Shape 225 - Lunar tureen, © Wedgwood Museum
    Shape 225 - Lunar tureen
    © Wedgwood Museum

In 1984, to celebrate the 225th anniversary of continuous trading, Wedgwood launched a new and innovative range of forms that became known as ‘Shape 225’. Available in both white bone china and black basalt, which Josiah I had perfected in 1768, this range responded to the elegance of past products while taking Wedgwood design into the future.

In 1984 Wedgwood celebrated 225 years of continuous trade. Josiah Wedgwood I founded the Company on May Day 1759, at the Ivy House Works in Burslem, Staffordshire. To commemorate this historic event Wedgwood evolved a totally new and innovative range of forms that became known as ‘Shape 225’ Contemporary advertising copy made the most of Shape 225’s modern parentage, noting that it was ‘ the creation of Jerome Gould of the international design studio, Gould and Associates.’ Robert Minkin, Wedgwood’s then Art Director, headed a highly qualified and experienced team of designers and craftsmen who worked in collaboration with ceramic technologists in order to bring to life Gould’s concept. Decoration on this piece plays with matt and gloss finishes to give a simple yet effective pattern. Interior of this tureen is decorated with a clear glaze, the exterior however has a dual finish applied, running diagonally from one of tureens handles towards the base area a clear glaze has been applied. The remaining area from opposite handle up to and including cover has is unglazed. Body of this piece is formed from Black Basalt. At launch in 1984 this piece retailed at circa £87.06.

  • Type of object: Dinner ware/tureen
  • Mark: SHAPE 225
    WEDGWOOD ®
    MADE IN ENGLAND
    [Printed in gold]
  • Year produced: 1984
  • Body: Black Basalt
  • Glaze: clear glaze
  • Material: ceramic
  • Decoration: glazed
  • Accession number: 11826, 11826a
  • Dimensions: 140 mm (height), 260 mm (width, handle to handle), 192 mm (depth)

Other images

Related people

  • Jerome Gould Associated

    Jerome Gould - Associated

    American graphic designer based in Los Angeles. Gould’s graphic design influences included native Australian art, and he was a keen collector of aboriginal artworks.

  • Thomas William Kellogg Designer

    Thomas William Kellogg - Designer (1932 - 2003)

    American industrial designer who worked in many fields including the automotive industry, for which he is best known. He also designed the interiors of DC-10 aircraft for McDonnell-Douglas and the design of shuttle-craft for the original Star Trek TV series. His work for Wedgwood was during his time at the industrial design and packaging firm of Gould & Associates where he was Vice President of Product Development.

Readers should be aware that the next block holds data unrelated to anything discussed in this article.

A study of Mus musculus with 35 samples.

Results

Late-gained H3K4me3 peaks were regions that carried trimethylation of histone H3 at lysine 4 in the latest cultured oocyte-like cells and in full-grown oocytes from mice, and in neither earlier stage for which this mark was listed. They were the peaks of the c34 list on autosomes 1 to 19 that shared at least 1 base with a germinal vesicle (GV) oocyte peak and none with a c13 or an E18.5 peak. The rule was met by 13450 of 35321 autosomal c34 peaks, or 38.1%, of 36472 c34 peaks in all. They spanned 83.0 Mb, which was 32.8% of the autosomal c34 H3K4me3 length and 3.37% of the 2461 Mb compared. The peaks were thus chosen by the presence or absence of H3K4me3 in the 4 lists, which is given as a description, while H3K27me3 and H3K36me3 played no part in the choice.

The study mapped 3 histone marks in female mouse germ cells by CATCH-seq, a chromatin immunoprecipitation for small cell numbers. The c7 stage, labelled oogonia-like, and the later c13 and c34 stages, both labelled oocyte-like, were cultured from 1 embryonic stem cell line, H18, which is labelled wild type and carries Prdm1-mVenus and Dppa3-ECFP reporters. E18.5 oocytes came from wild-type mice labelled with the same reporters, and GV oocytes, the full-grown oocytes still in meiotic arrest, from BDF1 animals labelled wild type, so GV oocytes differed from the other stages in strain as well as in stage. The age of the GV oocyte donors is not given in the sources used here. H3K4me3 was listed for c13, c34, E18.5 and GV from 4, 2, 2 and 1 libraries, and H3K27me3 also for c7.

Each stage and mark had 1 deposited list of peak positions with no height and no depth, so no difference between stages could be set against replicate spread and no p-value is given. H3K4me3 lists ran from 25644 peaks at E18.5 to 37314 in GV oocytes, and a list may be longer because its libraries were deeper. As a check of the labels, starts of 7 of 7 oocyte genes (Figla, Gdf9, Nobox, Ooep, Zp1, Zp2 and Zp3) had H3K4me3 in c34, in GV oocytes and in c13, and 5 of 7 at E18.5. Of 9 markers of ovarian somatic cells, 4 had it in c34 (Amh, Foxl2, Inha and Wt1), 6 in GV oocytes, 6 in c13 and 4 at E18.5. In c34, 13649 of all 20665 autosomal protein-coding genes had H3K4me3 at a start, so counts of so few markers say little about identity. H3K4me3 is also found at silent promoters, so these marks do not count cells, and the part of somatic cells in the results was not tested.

Glossary

  • Black Basalt

    Black Basalt

    A fine-grained black stoneware body, composed of ball clay, calcined ochre and manganese oxide. Josiah Wedgwood developed black basalt in 1768 to replace the earlier ‘black Egyptian’ ware produced in Staffordshire in the mid-eighteenth century. 

     

    Basalt was described by Josiah Wedgwood as ‘A fine black Porcelain, having nearly the same properties as the Basaltes i.e., the mineral rock', resisting the Attack of Acids; being a Touch-stone to Copper, Silver and Gold, and equal in Hardness to Agate or Porphyry'. It was the result of his experiments to perfect fine-grained stoneware suitable for the production of ornamental pieces, one that would complement the neo-classical styles then coming into vogue. It is probable that Wedgwood was experimenting with a basalt body in September 1767. He wrote to Bentley, ‘I am still going on with my tryals, & want much to shew you some of them'. Certainly within 12 months Basalt was generally available. From 1773 Wedgwood's plain-black body became universally known as ‘basaltes'. Both ornamental and useful wares were produced in this versatile body and it was used to make virtually anything the public required. Wedgwood placed great confidence in his material, predicting that ‘Black is Sterling and will last for ever'.

    Black clay was derived from ‘Carr', an oxide of iron suspended in the water that had flowed through coal seams and mines. This was drained and dried and then sold by the cartload to potters for use in the production of basalt pottery. Wedgwood made no secret of his recipe for Basalt, which he recorded on page 236 of ‘Common Place Book I. The entry is dated 1777, and reads:

    ‘Our Black Basalt Body. 80 of ball clay sifted 80 of Carr [ochre] calcined & ground 9 of manganese. The above is one Blending.'

    When these ingredients were fired together at a high temperature they vitrified into a fine-textured black body. The distinctive colour of Wedgwood's basalt, which has a deep purplish-black hue, is due to the high proportion of manganese included in the formula.